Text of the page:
Debt Ratio in QuickBooks 2012 - dummies

By Stephen L. Nelson

The debt ratio is one of the leverage ratios you can use in QuickBooks 2012. The debt ratio simply shows the firm’s debt as a percentage of its capital structure. The term capital structure refers to the total liabilities and owner’s equity amount. For example, in the case of the balance sheet shown, the capital structure totals $320,000.

Not coincidentally, the total liability and owner’s equity amount, $320,000, equals the total assets amount, $320,000.

A Simple Balance Sheet
Cash $25,000
Inventory 25,000
Current assets $50,000
Fixed assets (net) 270,000
Total assets $320,000
Accounts payable $20,000
Loan payable 100,000
Owner’s equity
S. Nelson, capital 200,000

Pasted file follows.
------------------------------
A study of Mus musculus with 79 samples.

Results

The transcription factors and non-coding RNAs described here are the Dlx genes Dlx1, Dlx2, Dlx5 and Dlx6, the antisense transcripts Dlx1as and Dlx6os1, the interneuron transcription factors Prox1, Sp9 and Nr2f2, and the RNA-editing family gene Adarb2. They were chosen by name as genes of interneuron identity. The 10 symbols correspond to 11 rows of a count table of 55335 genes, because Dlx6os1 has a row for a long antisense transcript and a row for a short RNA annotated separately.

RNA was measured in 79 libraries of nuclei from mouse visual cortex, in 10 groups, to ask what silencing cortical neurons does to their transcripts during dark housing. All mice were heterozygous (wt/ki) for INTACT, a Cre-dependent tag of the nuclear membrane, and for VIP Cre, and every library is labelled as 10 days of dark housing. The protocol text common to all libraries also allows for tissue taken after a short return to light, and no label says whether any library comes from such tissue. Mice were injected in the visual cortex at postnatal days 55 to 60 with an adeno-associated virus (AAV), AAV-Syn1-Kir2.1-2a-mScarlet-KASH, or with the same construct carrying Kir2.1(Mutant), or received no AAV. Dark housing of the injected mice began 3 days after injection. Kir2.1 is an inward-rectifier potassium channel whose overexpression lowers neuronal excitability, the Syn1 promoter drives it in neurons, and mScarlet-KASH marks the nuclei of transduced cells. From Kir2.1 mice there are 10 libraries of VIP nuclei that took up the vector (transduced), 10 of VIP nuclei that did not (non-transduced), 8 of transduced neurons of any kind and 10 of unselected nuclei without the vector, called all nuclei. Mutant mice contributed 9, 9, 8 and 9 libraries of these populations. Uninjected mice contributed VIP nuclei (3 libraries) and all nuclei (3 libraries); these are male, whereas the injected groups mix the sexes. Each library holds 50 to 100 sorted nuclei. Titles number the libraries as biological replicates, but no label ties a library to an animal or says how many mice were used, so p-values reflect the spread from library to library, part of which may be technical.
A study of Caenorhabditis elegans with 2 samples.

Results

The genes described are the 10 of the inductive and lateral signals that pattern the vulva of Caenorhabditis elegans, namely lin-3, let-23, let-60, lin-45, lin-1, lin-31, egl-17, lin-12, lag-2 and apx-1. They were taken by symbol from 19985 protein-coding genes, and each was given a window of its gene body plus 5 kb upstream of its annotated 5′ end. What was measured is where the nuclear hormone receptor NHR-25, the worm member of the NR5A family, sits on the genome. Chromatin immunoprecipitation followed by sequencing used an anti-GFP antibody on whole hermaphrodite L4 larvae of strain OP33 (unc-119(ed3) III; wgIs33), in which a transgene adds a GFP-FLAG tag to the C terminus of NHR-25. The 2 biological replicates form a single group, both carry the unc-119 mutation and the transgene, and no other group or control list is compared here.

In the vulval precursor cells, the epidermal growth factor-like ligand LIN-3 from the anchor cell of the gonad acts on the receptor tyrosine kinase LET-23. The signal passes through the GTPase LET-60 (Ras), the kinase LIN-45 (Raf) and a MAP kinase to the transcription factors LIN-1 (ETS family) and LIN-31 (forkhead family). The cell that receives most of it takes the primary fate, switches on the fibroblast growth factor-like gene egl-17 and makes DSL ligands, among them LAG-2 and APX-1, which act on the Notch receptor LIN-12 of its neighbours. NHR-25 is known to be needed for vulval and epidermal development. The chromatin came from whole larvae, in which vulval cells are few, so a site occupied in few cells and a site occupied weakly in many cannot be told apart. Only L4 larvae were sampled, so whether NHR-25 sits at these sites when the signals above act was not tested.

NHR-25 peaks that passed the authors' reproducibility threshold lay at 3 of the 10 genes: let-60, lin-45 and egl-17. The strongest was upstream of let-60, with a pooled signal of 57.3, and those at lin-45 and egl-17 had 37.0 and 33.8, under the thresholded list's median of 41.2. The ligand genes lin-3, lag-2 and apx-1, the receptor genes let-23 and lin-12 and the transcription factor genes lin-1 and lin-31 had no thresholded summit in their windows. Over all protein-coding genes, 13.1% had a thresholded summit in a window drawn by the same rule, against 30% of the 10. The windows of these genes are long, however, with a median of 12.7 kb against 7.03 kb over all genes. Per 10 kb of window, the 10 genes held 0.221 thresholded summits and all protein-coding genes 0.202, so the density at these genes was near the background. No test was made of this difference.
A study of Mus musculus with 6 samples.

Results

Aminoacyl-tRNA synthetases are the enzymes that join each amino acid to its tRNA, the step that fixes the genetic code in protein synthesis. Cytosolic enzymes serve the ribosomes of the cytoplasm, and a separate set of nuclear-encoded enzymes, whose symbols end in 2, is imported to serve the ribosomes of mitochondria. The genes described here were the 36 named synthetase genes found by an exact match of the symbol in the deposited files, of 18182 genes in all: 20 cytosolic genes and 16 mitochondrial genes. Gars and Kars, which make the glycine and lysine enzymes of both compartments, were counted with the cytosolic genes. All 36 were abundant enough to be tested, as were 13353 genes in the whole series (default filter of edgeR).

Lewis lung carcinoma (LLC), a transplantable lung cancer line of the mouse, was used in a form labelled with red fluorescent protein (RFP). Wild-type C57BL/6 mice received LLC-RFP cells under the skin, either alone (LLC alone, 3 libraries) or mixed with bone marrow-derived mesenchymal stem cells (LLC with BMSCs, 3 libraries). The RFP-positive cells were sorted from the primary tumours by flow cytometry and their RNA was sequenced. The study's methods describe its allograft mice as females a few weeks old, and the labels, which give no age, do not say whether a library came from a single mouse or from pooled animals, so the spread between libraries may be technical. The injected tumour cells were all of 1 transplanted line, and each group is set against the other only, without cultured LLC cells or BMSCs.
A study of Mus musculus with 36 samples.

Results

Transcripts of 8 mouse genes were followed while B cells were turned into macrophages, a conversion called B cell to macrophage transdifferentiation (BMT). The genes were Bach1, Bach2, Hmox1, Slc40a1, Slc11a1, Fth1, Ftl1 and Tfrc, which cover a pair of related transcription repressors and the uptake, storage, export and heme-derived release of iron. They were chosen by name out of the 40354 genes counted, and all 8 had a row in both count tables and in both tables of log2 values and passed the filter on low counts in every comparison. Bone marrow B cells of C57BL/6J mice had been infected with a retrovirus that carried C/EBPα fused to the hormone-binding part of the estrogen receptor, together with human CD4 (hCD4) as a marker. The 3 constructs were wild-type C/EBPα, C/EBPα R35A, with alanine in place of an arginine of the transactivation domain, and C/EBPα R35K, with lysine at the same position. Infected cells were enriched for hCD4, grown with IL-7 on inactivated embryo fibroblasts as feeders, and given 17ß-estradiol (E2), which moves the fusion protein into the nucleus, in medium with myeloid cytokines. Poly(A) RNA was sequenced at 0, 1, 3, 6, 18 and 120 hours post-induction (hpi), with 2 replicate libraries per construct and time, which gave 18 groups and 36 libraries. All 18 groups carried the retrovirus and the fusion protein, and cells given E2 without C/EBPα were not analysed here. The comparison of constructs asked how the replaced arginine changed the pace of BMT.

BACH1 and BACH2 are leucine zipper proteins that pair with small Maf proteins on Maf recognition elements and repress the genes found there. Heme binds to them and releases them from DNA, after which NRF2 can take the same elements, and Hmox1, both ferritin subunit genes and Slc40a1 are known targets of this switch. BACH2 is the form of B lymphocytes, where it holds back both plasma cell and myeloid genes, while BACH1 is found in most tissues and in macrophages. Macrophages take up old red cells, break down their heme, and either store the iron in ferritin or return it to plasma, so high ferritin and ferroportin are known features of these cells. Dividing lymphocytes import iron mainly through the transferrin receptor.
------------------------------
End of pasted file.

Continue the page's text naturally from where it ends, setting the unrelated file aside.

Total liabilities and owner’s equity $320,000

This makes sense if you think about it a bit. A firm funds its assets with its capital. Therefore, the total assets always equal the total capital structure.

The formula for calculating the debt ratio is a simple one:

total debt/total assets

Using numbers from the simple balance sheet shown, for example, the debt ratio can be calculated as follows:


This formula returns the debt ratio of 0.375. This indicates that 37.5 percent of the firm’s capital comes from debt.

No guideline exists for debt ratio. Appropriate debt ratios vary by industry and by the size of the firm in an industry. In general, small firms that use QuickBooks probably want to show lower debt ratios than larger firms.

Small firm see their operating income fluctuate more wildly than large firms. Because of that fluctuation, carrying and servicing such debt is more problematic. Lower debt, therefore, is probably better.